7 Ways to Make New Students Feel Comfortable

Starting a new class or joining a new team or group can be overwhelming, especially if you do not already know someone who is on the team or in the class. This is true of adults and is especially true of children. 

How to make a new student feel comfortableSeven Tips to Make a New Student More Comfortable

Helping a new student feel comfortable can make or break that person's experience with your class or team. Below are some strategies that I like to pull out of my magic bag for new students that are extra hesitant.

1. Know the new student's name before they come into your class or practice.

Greet them by name as soon as they come in. This includes telling them your name as well. I also like to tell them how excited I am to meet them, and let them know that we are going to have so much fun. 

2. Make an immediate connection.

The sooner you start building a relationship the better. Ask them questions about themselves. These questions do not have to have anything to do with your sport or activity. I like to ask questions like, "What are you having for dinner tonight?", "What is your favorite color?", "Do you have any pets at home?" Anything you can do to start finding some common ground, and get them talking about something that makes them happy.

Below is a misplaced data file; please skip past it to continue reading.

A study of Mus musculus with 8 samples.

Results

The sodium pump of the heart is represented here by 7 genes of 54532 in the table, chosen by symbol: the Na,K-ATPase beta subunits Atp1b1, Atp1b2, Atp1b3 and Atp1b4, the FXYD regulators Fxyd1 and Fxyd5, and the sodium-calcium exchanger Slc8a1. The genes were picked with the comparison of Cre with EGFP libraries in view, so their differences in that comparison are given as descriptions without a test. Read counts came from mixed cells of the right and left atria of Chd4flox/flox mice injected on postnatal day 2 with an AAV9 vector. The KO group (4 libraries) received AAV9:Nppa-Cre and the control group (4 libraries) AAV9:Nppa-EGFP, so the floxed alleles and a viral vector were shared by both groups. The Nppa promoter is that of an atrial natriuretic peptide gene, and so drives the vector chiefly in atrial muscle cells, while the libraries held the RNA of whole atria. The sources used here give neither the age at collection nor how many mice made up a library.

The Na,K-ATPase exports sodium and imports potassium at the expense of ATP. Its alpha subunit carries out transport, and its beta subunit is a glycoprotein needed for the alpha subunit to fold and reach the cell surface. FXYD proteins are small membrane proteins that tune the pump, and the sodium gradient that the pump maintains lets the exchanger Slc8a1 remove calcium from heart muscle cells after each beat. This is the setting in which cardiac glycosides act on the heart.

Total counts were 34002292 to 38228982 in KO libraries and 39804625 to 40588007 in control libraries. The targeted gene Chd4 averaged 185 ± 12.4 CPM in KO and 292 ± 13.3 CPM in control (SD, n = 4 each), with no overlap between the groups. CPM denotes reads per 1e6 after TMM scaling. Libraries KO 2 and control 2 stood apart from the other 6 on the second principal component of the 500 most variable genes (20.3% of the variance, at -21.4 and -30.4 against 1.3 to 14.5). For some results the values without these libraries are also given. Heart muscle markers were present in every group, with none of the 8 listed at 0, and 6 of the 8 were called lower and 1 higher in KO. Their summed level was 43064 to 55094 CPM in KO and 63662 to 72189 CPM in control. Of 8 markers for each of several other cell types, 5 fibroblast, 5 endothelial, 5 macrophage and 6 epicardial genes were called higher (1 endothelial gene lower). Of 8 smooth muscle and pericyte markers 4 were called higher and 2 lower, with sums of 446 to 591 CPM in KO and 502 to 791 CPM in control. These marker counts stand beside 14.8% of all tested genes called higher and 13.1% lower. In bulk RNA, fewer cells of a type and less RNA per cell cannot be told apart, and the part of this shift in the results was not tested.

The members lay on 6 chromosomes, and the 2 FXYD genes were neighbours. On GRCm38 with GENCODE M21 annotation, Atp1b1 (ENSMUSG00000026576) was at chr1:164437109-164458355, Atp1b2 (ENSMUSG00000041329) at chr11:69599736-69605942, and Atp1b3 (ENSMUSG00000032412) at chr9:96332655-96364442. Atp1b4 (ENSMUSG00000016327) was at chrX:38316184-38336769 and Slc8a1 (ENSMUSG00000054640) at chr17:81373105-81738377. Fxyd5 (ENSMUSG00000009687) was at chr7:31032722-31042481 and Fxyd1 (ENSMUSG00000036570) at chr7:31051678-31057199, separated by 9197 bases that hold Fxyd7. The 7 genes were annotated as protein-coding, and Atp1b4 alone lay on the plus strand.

3. Use your psychic powers!

Try to anticipate any concerns or fears they might have before they tell you. Children can sometimes be embarrassed about their fears, so if you can take care of them ahead of time it can make a huge difference in their comfort level.

4. Believe that every child deserves to feel successful.

Also, understanding that success can mean different things for different children. In the gymnastics world one child can feel successful after mastering a more advanced skill, while another child feels success simply from walking across a beam unassisted.

5. Partner the new student with your kindest and most enthusiastic student.

Giving them a buddy on their first day can help create a meaningful connection. Some children are more comfortable interacting with kids their own age.

6. Modify the lesson plan.

Let the new student know that if they are not comfortable trying something that they can take a step down and try something easier.

7. Thank them after the class or practice.

Let them know again how excited you are to have met them. Tell them that you hope you get to see them again. Ask them if they have any questions for you. Did they have fun? What was their favorite activity? It is always best to end on a good note. That is what they will remember most.

Starting a new activity can be scary. It is up to the teachers, coaches, and group leaders to make everyone feel welcome, comfortable, and excited to come back.